Thursday, December 6, 2018

Charles Bewick

During this period of national mourning, I remember Charles Bewick. He was a native of England, from Kingswood in Surrey. He was from an affluent background, what he called "the gin and jaguars set." He knew personally a lot of musicians and dancers including Michael Tilson Thomas, Lynn Fonteyn, and Rudolf Nureyev. He told remarkable stories about some very wild parties he attended with all those folks both famous and not so famous.  I remember one story he told about a party where 6 people shared a bed and passed champagne bottles across the bed.  The bottles each ended up empty by the time they got to the other side.  All six were very drunk, but had presence of mind to suddenly realize that they had to go to a wedding at St. Martin in the Fields by a certain hour.  Among the revelers in the bed were the bride and groom.  They were all so drunk they could barely stand, and yet they made it to their wedding on time.  At the time, Charles was a young City stock broker who made and fortune and lost a fortune, as he described it.

Very unexpectedly, Charles became an Anglican priest.  He was very close to his father, but his father tried to talk him out of it.   Charles persisted and he did his first tour of duty as a priest among auto-manufacturing factory workers living among them and taking a job at the plant. While serving as a priest on the staff of Southwark Cathedral in London, Michael Marshall the Bishop of Woolwich hired Charles to be a chaplain.  In 1983, Charles accompanied the bishop to Saint Louis, MO in the USA to found The Anglican Institute at the Church of St. Michael and St. George. While there, Charles became seriously ill and was diagnosed with AIDS. Bishop Marshall immediately fired him and tried to have him defrocked (only the intervention of William Jones the local Episcopal bishop in St. Louis prevented Bishop Marshall from defrocking Charles) Charles Bewick found himself seriously ill, unemployed, and marooned in the USA. Trinity Episcopal Church in St. Louis hired him as an assisting priest where he lived out the rest of his days.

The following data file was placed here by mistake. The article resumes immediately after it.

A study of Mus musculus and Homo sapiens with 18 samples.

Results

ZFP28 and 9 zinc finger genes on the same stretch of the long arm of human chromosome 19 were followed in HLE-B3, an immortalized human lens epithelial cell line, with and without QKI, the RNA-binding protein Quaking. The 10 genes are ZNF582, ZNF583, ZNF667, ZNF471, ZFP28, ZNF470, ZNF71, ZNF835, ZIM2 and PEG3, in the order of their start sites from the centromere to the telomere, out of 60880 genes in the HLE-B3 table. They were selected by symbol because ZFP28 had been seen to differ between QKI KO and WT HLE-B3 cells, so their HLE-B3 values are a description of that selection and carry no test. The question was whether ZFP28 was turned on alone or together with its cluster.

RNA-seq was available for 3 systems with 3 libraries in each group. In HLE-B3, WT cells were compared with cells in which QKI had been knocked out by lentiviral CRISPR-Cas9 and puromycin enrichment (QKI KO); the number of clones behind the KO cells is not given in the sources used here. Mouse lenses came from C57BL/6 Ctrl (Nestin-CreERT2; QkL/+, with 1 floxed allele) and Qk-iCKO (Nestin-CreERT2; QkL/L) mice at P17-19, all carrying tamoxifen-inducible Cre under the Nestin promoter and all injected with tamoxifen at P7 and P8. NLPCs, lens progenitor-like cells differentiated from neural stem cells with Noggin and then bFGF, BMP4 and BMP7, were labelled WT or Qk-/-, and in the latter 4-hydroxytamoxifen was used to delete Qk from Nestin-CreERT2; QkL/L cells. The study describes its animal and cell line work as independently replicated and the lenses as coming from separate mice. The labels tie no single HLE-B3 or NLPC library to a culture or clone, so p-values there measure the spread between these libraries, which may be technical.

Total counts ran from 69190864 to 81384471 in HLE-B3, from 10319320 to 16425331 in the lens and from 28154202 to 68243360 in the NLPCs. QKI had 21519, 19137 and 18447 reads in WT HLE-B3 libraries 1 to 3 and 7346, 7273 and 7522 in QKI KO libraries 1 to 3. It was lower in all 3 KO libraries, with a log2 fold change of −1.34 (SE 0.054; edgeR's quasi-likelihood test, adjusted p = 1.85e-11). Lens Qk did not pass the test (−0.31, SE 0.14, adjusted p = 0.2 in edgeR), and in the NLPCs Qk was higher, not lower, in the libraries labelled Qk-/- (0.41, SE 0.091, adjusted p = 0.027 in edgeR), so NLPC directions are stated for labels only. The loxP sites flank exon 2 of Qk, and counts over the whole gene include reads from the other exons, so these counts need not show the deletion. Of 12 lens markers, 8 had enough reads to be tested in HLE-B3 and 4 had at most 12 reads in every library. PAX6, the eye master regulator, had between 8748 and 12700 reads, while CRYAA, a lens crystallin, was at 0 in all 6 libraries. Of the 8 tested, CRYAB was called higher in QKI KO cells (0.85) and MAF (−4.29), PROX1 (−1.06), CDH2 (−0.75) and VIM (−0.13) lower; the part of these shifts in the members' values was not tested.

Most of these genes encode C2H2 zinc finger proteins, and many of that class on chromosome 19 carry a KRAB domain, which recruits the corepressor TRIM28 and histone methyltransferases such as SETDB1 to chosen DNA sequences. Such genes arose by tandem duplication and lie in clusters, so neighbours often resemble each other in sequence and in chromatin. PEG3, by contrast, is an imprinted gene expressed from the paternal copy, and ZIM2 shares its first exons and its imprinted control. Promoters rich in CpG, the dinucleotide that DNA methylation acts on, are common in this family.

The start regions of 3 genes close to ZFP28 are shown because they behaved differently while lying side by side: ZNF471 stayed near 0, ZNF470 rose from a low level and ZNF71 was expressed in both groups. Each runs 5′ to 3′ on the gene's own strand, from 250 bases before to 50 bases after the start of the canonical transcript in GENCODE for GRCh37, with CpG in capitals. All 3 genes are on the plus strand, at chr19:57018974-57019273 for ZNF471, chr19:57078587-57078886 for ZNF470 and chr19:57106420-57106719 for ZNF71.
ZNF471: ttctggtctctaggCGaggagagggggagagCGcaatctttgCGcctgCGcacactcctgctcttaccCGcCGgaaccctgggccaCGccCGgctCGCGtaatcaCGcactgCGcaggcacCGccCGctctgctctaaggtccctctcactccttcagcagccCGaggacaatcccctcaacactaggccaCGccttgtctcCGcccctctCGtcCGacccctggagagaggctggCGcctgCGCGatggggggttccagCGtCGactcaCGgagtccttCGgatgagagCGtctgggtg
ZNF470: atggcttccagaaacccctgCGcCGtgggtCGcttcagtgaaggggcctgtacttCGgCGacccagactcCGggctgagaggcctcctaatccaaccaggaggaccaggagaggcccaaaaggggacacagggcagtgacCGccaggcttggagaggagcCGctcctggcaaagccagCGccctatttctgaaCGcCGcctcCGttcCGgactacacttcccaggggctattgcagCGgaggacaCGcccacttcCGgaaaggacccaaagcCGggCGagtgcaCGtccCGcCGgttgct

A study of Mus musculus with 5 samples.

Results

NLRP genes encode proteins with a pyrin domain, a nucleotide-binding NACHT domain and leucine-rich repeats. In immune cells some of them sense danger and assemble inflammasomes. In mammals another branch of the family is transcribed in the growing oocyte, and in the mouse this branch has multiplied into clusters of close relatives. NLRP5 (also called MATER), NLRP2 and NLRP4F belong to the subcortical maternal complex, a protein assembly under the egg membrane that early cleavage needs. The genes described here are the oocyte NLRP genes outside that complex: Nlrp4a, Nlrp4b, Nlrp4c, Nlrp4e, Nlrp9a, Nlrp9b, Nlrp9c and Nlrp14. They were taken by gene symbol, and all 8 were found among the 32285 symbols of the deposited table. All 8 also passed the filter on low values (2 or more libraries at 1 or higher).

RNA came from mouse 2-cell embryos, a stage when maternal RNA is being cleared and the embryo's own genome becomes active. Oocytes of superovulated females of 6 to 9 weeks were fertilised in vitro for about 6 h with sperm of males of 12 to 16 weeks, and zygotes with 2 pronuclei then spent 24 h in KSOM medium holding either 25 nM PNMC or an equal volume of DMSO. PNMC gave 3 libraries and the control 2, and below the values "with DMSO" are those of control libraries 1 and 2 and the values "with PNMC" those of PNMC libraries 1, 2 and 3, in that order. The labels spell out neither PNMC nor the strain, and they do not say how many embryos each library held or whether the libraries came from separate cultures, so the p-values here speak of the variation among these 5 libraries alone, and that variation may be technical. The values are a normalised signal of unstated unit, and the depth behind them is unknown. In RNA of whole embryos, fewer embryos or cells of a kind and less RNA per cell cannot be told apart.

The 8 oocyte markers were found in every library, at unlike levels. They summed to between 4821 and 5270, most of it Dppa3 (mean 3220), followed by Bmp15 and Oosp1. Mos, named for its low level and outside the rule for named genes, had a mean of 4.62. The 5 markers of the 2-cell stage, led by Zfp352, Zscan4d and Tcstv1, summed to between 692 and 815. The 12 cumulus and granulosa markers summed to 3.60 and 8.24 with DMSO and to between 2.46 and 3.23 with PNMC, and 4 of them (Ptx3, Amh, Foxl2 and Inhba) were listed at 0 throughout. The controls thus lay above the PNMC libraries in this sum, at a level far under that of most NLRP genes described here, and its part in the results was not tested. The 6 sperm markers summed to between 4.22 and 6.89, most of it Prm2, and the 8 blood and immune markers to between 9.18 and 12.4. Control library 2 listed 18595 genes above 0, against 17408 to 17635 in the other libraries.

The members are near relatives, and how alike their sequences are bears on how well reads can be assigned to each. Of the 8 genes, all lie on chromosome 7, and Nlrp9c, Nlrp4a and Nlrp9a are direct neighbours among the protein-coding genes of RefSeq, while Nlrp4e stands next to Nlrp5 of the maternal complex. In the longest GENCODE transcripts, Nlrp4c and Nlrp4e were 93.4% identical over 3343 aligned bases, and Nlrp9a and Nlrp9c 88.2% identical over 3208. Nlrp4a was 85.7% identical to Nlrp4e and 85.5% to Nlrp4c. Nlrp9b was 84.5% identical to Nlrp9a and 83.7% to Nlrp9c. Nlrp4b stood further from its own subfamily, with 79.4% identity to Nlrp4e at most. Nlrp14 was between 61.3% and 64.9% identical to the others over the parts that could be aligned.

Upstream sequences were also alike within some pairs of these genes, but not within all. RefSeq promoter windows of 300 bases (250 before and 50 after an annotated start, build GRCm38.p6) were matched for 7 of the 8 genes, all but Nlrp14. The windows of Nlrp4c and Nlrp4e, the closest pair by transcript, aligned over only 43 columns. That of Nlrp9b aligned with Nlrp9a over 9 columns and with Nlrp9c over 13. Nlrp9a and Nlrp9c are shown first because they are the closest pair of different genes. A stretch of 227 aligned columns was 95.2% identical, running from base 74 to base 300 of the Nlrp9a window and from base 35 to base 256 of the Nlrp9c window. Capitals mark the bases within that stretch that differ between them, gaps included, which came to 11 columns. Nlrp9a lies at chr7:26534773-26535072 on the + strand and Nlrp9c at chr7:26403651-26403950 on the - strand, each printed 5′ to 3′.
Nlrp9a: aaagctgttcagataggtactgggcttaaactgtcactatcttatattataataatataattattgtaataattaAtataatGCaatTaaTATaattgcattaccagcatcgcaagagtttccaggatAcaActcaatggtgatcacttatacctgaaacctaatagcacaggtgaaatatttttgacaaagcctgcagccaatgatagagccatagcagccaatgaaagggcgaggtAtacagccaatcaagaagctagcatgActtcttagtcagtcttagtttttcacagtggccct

Charles was a founder and served on the board of directors of Doorways, an interfaith organization that provided housing for AIDS sufferers facing eviction in St. Louis. Most of them were people of color. Charles faced down very hostile racist landlords in order to find housing for AIDS victims at the height of the panic and hysteria over the disease.   He found himself often a target of verbal abuse and threats of violence, but calmly persisted in his work.  Landlords and hostile neighbors described his clients with the N word and the F word, and frequently addressed Charles as the "N word loving F word" and ended their rants with something like "... and you call yourself a priest!" Charles would usually let them rant on and on, and when they were finished or exhausted, he would calmly continue with "this is what we are looking for and this is what we are willing to pay, do you have anything available?"   Sometimes they would storm out of the room, but greed plus the expense of maintaining vacant units would usually overcome their bigotry.

Charles died of AIDS in 1989 at age 42. On his deathbed, he forgave a very penitent Bishop Marshall, and asked him to preside at his funeral, which he did.

I was very privileged to know Charles in the last years of his life. He now rests in peace with the saints in light.

A panel from the National AIDS Memorial quilt commemorating Charles and two other AIDS victims from Trinity Episcopal Church in Saint Louis.